There are also other safeguards in place to help protect victims, from support and counselling, to remote-witness rooms for you to provide evidence without the need to confront the accused.
As a victim of sexual assault
You don't have to face the accused person in court. You can give evidence from a private room away from the courtroom, which is then transmitted to the courtroom via closed circuit television. Alternatively, you may wish to give evidence in the courtroom but, to ensure you don't have to see the accused, request that a screen or partition be used.
Your case may be heard in a closed court so members of the public cannot hear during the time that you are giving your evidence.
You may have a support person with you during the court proceedings. This person can be a member of the family, friend, counsellor or professional court support officer (provided they are not a witness in the case).
The court strictly limits what can be published about your case on the Internet and in the media. This means that your name or any information that identifies you must be kept confidential outside the court. This is called a 'non-publication order'.
Most accused people are legally represented. However, if the accused person is not legally represented they cannot directly ask you questions in court. The court may appoint an alternative person, if required.
You may not be asked improper questions, such as those which are humiliating, harassing, repetitive or insulting. In particular, improper questions should not be used by the lawyer representing the accused during a cross-examination.
Your evidence will be recorded so, if for any reason the trial needs to be re-heard, you may not need to give your evidence again.
WebpageSpecific Crimes > Sexual Assault
WebpageSpecial provisions in court for children and sexual assault victims
In a criminal court case, special provisions are made for vulnerable witnesses - children, and people with a cognitive impairment, who are victims of a personal assault offence.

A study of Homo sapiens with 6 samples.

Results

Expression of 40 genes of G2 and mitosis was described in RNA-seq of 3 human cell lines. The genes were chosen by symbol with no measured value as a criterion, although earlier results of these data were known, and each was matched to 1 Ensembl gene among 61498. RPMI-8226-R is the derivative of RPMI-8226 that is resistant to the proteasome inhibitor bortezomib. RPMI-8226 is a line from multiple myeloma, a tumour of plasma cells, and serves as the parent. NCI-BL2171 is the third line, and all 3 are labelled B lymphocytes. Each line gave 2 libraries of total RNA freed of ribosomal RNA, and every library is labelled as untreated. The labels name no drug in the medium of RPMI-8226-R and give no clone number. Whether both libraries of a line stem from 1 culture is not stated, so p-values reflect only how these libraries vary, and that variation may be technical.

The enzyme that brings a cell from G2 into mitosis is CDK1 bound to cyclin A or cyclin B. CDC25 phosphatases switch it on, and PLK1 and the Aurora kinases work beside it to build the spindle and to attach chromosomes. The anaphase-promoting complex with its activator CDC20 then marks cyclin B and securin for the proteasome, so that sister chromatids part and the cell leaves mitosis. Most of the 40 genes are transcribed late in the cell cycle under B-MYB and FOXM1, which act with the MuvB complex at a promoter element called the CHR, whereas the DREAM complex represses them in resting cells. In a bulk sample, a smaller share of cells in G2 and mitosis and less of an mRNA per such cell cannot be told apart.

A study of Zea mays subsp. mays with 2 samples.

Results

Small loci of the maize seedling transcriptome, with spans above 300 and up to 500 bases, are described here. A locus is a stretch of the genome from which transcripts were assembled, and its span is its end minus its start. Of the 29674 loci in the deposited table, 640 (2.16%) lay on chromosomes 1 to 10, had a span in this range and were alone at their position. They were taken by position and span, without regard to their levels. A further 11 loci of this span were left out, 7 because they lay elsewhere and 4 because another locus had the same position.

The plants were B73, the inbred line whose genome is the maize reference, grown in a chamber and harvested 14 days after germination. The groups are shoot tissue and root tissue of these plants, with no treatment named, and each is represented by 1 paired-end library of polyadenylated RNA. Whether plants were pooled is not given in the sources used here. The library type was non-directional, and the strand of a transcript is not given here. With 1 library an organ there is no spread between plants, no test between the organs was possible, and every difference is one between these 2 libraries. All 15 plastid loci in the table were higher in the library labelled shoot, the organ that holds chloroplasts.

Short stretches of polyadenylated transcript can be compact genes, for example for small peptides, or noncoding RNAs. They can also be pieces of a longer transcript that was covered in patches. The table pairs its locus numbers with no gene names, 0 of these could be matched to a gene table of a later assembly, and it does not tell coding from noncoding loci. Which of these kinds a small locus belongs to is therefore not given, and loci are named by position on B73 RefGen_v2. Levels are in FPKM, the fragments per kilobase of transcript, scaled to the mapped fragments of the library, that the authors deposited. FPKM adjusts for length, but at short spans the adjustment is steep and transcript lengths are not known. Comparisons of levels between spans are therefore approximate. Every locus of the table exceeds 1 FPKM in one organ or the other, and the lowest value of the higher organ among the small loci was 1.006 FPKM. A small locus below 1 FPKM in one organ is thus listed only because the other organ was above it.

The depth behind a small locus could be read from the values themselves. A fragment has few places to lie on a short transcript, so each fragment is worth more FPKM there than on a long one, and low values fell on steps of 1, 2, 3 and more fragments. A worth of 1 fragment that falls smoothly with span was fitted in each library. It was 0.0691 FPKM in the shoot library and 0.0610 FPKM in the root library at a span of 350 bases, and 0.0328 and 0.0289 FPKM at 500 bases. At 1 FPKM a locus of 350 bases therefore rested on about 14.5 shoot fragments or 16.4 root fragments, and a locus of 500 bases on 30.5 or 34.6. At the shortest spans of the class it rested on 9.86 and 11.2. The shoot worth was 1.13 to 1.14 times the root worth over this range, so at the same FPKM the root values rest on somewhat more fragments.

Special provisions for vulnerable people are similar to those offered to sexual assault victims and may include
using closed circuit television rather than being in the courtroom itself
using a screen in court
having a support person whilst giving evidence
A vulnerable person can also ask the prosecutor to make a request to the judge or magistrate that the case, or at least your evidence, be given in a closed court, that is, where members of the public are excluded
having their pre-recorded police statements played as their evidence in chief
If the personal assault offence is a sexual assault, then the vulnerable victim's giving of evidence during the trial may also be recorded so that the evidence only needs to be given once.
It is best to speak to the prosecutor about these special provisions. The prosecutor will liaise with the magistrate or judge to determine whether any such measures can be utilised.
The prosecutor can also ask that certain people such as family, friends or counsellors remain in the court to give support. A decision to close the court and to allow support people to remain with you is decided by the magistrate or judge.
The law prohibits publication of the name and address, or any other information which might identify a vulnerable victim in a personal offence case .
A judge or magistrate can also prohibit the publication of any details about the case.